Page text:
How can President Hollande succeed, where the pugnacious Nicolas Sarkozy failed, and persuade Chancellor Angela Merkel that her all-austerity approach to saving the Euro is destructive? Questions of procedure – to re-open or not to re-open the EU budgetary discipline pact signed in March – can be solved. The real battle will be over Mr Hollande’s plan – widely liked save in Berlin – for a multi-billion euros programme of EU infrastructure schemes, funded essentially by printing Euros.
How can President Hollande keep his promise to bring the French budget below 3 per cent of GDP next year – and to zero by 2017 – without angering left-wing supporters? Or how can he backslide without spooking the markets? No French budget has been balanced since 1974. Mr Hollande has several pet spending programmes, such as 60,000 new school posts over five years. He has plans to raise more money by taxing the rich. At some point, he will have to start cutting into the sprawling French state apparatus, which absorbs 56 per cent of GDP.
How can President Hollande keep his promise to reverse the upward trend in unemployment – now 9.4 per cent – without massive state spending? He has proposals which might make a marginal difference, like a scheme to reduce the burden of payroll taxes on any employer who hires a young trainee without firing an older worker. To truly succeed he needs to make France more competitive internationally and reduce the record €70bn annual trade deficit. But how can he do that while French employers are burdened by high pay roll taxes to fund the welfare state?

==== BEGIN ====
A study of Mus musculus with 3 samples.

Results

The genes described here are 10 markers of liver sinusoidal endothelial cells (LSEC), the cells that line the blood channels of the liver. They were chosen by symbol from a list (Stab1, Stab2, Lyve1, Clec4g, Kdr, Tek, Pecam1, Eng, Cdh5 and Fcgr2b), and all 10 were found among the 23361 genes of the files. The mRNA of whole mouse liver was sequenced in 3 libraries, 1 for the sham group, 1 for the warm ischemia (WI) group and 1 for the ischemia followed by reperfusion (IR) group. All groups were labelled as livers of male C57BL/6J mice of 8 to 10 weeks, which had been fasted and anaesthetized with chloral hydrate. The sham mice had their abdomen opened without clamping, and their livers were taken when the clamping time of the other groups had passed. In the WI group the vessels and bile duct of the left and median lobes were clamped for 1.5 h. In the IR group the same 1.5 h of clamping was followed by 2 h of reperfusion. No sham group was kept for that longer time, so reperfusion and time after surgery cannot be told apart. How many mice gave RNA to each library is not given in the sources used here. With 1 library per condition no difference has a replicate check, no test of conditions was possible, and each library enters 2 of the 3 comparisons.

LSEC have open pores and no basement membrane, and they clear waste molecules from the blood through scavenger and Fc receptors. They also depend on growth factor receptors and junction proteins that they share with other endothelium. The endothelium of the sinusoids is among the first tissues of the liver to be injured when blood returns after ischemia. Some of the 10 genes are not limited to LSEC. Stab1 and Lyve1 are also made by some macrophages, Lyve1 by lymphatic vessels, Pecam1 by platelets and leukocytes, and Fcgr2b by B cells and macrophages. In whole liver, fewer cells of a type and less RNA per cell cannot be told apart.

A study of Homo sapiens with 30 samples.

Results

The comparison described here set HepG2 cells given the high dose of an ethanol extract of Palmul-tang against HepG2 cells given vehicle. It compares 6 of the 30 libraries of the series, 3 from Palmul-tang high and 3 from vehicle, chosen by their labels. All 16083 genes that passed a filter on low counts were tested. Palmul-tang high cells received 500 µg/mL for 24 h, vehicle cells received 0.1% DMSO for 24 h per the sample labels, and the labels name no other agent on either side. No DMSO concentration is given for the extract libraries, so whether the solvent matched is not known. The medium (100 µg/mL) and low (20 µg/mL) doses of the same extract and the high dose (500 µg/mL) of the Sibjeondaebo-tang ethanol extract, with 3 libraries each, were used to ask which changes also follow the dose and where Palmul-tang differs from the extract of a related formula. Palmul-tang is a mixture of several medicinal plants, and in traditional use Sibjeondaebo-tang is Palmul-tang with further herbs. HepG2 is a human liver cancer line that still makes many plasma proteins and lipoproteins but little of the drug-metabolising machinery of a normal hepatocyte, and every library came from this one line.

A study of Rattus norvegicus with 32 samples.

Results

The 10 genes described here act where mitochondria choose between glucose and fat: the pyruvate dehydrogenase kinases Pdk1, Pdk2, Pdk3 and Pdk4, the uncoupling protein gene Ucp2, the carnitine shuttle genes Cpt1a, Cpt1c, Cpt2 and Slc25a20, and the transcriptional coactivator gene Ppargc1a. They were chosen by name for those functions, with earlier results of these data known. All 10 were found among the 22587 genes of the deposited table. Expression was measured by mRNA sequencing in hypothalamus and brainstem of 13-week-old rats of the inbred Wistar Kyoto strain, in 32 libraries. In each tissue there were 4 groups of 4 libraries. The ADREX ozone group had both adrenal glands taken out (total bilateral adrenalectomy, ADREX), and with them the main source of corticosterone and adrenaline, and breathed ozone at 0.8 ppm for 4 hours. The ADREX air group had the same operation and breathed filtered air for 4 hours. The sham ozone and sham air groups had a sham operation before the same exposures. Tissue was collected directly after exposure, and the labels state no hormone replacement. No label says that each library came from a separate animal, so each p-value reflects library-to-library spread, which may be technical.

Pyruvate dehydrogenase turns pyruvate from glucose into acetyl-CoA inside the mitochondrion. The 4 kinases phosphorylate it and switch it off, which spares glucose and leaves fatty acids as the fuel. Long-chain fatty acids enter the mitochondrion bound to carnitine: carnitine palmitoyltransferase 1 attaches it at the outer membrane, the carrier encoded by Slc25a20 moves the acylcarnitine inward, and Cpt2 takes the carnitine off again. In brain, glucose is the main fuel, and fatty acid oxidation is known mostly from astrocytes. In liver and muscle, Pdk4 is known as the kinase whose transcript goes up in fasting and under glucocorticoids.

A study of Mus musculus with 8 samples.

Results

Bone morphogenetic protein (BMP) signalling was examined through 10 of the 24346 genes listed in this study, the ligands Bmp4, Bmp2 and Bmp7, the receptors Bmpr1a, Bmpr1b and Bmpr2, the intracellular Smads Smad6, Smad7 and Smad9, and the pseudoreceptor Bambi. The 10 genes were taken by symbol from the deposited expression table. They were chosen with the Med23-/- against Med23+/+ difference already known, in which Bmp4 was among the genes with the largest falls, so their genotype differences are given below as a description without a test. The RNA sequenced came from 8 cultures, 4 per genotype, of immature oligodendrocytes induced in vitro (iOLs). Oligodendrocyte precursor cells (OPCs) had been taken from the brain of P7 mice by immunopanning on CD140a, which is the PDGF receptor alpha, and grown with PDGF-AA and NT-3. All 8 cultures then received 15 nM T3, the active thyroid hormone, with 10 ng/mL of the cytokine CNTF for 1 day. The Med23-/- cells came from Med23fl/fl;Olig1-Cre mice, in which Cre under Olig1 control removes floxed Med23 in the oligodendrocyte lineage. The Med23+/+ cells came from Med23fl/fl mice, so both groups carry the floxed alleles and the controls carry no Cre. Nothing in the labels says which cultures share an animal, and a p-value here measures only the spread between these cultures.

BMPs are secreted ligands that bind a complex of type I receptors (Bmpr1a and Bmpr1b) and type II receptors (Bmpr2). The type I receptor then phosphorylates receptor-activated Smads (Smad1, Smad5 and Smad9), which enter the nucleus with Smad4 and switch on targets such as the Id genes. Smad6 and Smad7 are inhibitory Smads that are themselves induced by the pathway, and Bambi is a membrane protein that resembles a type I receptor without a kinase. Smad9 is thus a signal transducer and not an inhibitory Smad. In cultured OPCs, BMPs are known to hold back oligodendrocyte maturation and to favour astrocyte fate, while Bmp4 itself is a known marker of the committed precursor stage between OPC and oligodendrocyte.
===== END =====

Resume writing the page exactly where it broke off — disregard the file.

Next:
Who should President Hollande choose as his Prime Minister? He has promised to be a “normal” semi-detached President and not sprawl over all the levers of government as Nicolas Sarkozy did. The favourite is Jean-Marc Ayrault, 62, Socialist leader in the National Assembly. Mr Ayrault, like Mr Hollande, is a quiet, courteous, consensual man who lacks government experience. He has one useful skill: he is a former German teacher who speaks fluent German and knows Germany well.
How can President Hollande overturn the centre right majority in the National Assembly (343 out of 577 seats) to give his centre-left government a chance to govern? Actually this one is fairly easy. The centre-left is expected to do well in parliamentary elections on 7 and 17 June. The right is split between the centre-right and Marine Le Pen’s National Front. The left should win a majority without trouble.
How can President Hollande persuade Barack Obama that he is a reliable ally and still pull French troops out of Afghanistan by the end of the year? This will be one of the new president’s first tasks when he goes to Washington and onto the Nato summit in Chicago later this month. The Afghan decision is non-negotiable. But Mr Hollande will not challenge – beyond a few details – President Sarkozy’s decision to restore France to the integrated military command of Nato.